Widely respected computer security expert Bruce Schneier has written a controversial blog post explaining why he keeps his wireless network open. His primary reasons are:
- It’s a basic kindness
- The risk of uninvited strangers doing bad things using the network are overstated
- Even if someone did do something bad using the network, the fact that it was open makes defending yourself in court easier
- The latest wireless security protocol, WPA, is very good, but no wireless security is ever impervious to attack
Schneier also explains that we expose our laptop computers to dangerous security conditions all the time:
I’m also unmoved by those who say I’m putting my own data at risk, because hackers might park in front of my house, log on to my open network and eavesdrop on my internet traffic or break into my computers. This is true, but my computers are much more at risk when I use them on wireless networks in airports, coffee shops and other public places. If I configure my computer to be secure regardless of the network it’s on, then it simply doesn’t matter.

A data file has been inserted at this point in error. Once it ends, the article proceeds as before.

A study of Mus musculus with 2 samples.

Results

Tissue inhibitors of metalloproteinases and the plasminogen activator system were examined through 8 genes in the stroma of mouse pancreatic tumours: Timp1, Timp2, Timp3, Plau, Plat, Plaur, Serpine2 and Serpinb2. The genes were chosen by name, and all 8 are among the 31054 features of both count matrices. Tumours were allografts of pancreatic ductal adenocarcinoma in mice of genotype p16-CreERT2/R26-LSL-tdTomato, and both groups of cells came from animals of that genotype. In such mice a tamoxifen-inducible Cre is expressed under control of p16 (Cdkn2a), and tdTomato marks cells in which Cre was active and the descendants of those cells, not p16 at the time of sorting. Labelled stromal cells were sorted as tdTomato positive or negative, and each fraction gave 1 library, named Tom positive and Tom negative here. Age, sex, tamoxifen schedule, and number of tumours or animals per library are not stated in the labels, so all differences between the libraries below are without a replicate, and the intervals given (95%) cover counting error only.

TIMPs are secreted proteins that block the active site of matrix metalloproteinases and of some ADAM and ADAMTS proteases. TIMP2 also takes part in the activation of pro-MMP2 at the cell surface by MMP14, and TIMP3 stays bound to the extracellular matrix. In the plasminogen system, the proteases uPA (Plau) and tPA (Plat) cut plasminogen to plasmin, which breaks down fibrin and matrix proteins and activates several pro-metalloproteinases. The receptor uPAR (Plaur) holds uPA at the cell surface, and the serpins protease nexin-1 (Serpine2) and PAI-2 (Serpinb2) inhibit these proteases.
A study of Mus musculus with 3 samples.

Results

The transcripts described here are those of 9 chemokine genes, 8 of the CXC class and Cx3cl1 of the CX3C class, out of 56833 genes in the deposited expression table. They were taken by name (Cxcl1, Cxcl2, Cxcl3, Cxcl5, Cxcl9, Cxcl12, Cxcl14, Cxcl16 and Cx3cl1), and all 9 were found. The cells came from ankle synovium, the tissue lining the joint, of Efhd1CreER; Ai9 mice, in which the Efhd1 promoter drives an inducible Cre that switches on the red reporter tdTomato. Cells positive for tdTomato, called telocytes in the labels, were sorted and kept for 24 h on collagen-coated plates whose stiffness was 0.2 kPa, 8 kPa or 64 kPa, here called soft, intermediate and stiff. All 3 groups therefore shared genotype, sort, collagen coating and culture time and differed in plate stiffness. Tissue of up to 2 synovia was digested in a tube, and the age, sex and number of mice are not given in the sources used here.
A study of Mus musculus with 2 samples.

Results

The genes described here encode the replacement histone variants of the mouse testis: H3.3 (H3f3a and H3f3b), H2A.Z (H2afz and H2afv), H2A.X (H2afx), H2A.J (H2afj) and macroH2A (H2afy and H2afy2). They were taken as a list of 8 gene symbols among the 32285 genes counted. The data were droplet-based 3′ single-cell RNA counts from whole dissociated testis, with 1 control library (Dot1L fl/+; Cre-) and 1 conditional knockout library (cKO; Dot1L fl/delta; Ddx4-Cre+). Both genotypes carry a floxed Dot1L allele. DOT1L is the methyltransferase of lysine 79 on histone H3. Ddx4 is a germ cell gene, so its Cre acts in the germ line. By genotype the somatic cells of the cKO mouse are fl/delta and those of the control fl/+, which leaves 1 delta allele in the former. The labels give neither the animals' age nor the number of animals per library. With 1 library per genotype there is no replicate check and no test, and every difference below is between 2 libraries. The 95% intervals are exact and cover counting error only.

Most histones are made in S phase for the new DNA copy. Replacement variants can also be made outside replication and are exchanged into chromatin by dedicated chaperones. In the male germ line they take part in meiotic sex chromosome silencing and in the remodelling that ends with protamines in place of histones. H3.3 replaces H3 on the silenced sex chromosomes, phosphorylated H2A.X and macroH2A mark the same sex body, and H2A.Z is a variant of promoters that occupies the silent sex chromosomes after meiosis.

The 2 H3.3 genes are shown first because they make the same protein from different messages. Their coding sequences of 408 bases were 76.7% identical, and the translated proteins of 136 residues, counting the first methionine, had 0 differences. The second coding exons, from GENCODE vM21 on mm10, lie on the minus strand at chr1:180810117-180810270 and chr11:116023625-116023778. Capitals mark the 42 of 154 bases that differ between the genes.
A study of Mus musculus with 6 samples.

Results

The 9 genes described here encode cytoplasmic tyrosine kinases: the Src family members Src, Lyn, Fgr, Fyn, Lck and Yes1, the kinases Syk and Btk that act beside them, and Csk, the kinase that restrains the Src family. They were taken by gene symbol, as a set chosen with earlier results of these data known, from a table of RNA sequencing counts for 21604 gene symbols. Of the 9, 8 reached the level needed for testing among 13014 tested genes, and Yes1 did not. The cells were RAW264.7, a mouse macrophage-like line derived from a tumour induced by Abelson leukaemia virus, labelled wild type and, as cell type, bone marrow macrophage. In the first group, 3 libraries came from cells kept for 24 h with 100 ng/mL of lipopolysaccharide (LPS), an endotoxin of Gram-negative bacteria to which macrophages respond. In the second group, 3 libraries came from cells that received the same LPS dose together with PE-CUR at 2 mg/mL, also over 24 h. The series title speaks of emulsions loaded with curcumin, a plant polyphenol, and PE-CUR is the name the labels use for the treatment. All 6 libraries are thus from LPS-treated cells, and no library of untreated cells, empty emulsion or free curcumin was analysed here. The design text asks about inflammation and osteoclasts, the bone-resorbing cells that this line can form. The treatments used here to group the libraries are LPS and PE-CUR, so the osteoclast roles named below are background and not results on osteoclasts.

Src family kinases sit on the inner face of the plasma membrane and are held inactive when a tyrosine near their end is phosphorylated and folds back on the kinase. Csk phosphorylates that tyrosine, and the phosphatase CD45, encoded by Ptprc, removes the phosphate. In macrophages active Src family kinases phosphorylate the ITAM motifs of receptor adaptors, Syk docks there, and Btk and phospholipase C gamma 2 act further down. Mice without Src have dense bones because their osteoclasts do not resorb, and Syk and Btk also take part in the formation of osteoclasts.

He also brings up the point that if the maintainer of an open network gets sued, even if he didn’t commit the crime, he’ll have to go through a time-consuming and costly defense. Schneier dismisses this on the basis of probabilities. The odds are simply too low that someone will do something nefarious on your network and that you’ll get charged for the act. I keep my home network secured with WPA, but his arguments have given me pause. Is there a point at which the negative possibilities reach such a low probability that even a lawyer would say the risk is justified? Or is Schneier foolishly ignoring the dangers of a black swan event?